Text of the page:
Dirt Bike Won’t Start After Washing (Problem solved)

Who doesn’t like a clean bike! But some muck is just better left where it is. Don’t panic. We’ll get her figured out in the next few minutes.

The top 5 reasons a dirt bike won’t start after washing includes:

  1. Spark plug wet
  2. Spark plug flooded
  3. Water in fuel system
  4. Wet electrics
  5. Hydro-locked engine

In this post, you’ll learn the top 5 reasons your bike won’t start after washing, how to diagnose them and what you can do to fix them right now.

Wet Plug

Your spark plug lives at the front of the bike and is usually protected by a rubber boot. The boot sits snug around the plug and protects against water splash and flying debris.

While the rubber boot is weatherproof, it’s not waterproof, so directing a power washer at the plug will cause water to soak the plug, plug hole, and cap resister.

Drying the plug will solve the problem. Compressed air is the fastest way to dry out the plug, but a shop towel and some wd40 will get the job done too.

Flooded Plug

What’s a flooded plug? Cranking an engine that won’t start causes gas to soak the plug. If water caused your spark plug to become damp, cranking compounds the problem.

Power washers can produce 2000psi and more, which is plenty powerful to penetrate the intake ducting and enter the cylinder. A water-soaked plug electrode won’t produce a spark.

Water In Fuel

Water in the fuel system will stop your bike dead. Power washing around the fuel cap and vent can cause water ingress. Draining the fuel bowl and changing the filter should get you back rolling.

Wet Electrics

Electrics don’t like water, solenoids, relays, fuses, sensors ignition switches. Dry out all the electrics using compressed air or wd40 will help drive out water.

Check also that none of the electrical connectors are disconnected.

Hydro Locked Engine

Laying your bike on its side to power wash the skid pan is a common mistake to make. Gas and oil can easily move into and fill the cylinder. Oil and gas won’t compress, so depending on how much flowed in, your piston may not move.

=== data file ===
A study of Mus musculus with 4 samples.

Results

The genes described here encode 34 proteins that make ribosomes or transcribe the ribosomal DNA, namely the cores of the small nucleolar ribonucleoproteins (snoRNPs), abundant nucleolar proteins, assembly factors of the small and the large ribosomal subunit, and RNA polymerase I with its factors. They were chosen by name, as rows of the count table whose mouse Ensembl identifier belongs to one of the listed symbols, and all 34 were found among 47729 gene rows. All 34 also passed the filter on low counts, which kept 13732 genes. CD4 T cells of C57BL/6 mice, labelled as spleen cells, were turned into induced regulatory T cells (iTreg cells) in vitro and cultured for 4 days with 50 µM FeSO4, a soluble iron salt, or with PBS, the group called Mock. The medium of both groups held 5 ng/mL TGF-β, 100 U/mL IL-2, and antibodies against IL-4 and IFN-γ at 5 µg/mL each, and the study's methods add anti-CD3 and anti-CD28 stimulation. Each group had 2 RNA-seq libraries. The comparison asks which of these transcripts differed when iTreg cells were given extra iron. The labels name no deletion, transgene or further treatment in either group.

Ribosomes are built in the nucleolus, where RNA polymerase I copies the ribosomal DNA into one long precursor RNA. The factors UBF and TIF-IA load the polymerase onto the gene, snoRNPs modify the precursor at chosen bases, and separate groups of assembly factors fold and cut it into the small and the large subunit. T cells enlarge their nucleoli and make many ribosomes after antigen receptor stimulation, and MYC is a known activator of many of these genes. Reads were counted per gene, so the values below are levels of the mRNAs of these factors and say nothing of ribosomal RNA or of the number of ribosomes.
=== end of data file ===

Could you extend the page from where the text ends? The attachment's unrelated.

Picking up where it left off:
In addition, your spark plug is wet.

How to diagnose? Remove the spark plug, and turn over the engine slowly. If gas sprays from the cylinder, you found your problem.

How to fix it? With the plug removed, crank over the engine to dry out the cylinder. Dry the plug or replace it.

Check the oil level and start the engine, the engine will smoke, but it will clean.

Power Washing

Power washing can do a lot of damage. It washes protective grease from chains, and the pressure of the water can penetrate bearings and seals, causing rust and premature failure.

I don’t like to power wash using high pressure. There’s just too much risk of damage.

Before washing, spray the electrics with wd40 and turn the pressure down. Avoid laying your bike on its side.

You may find the following posts useful:

Okay, to leave bike in the rain?

Start a flooded bike

Will bike start without a kill switch?

Will dirt bike start without an air filter?

John Cunningham

John Cunningham is a certified mechanic and writer on ATVFixed.com. I’ve been a mechanic for over twenty-five years, I use my knowledge and experience to write articles that help fellow gear-heads with all aspects of ATV ownership, from maintenance & repair to troubleshooting.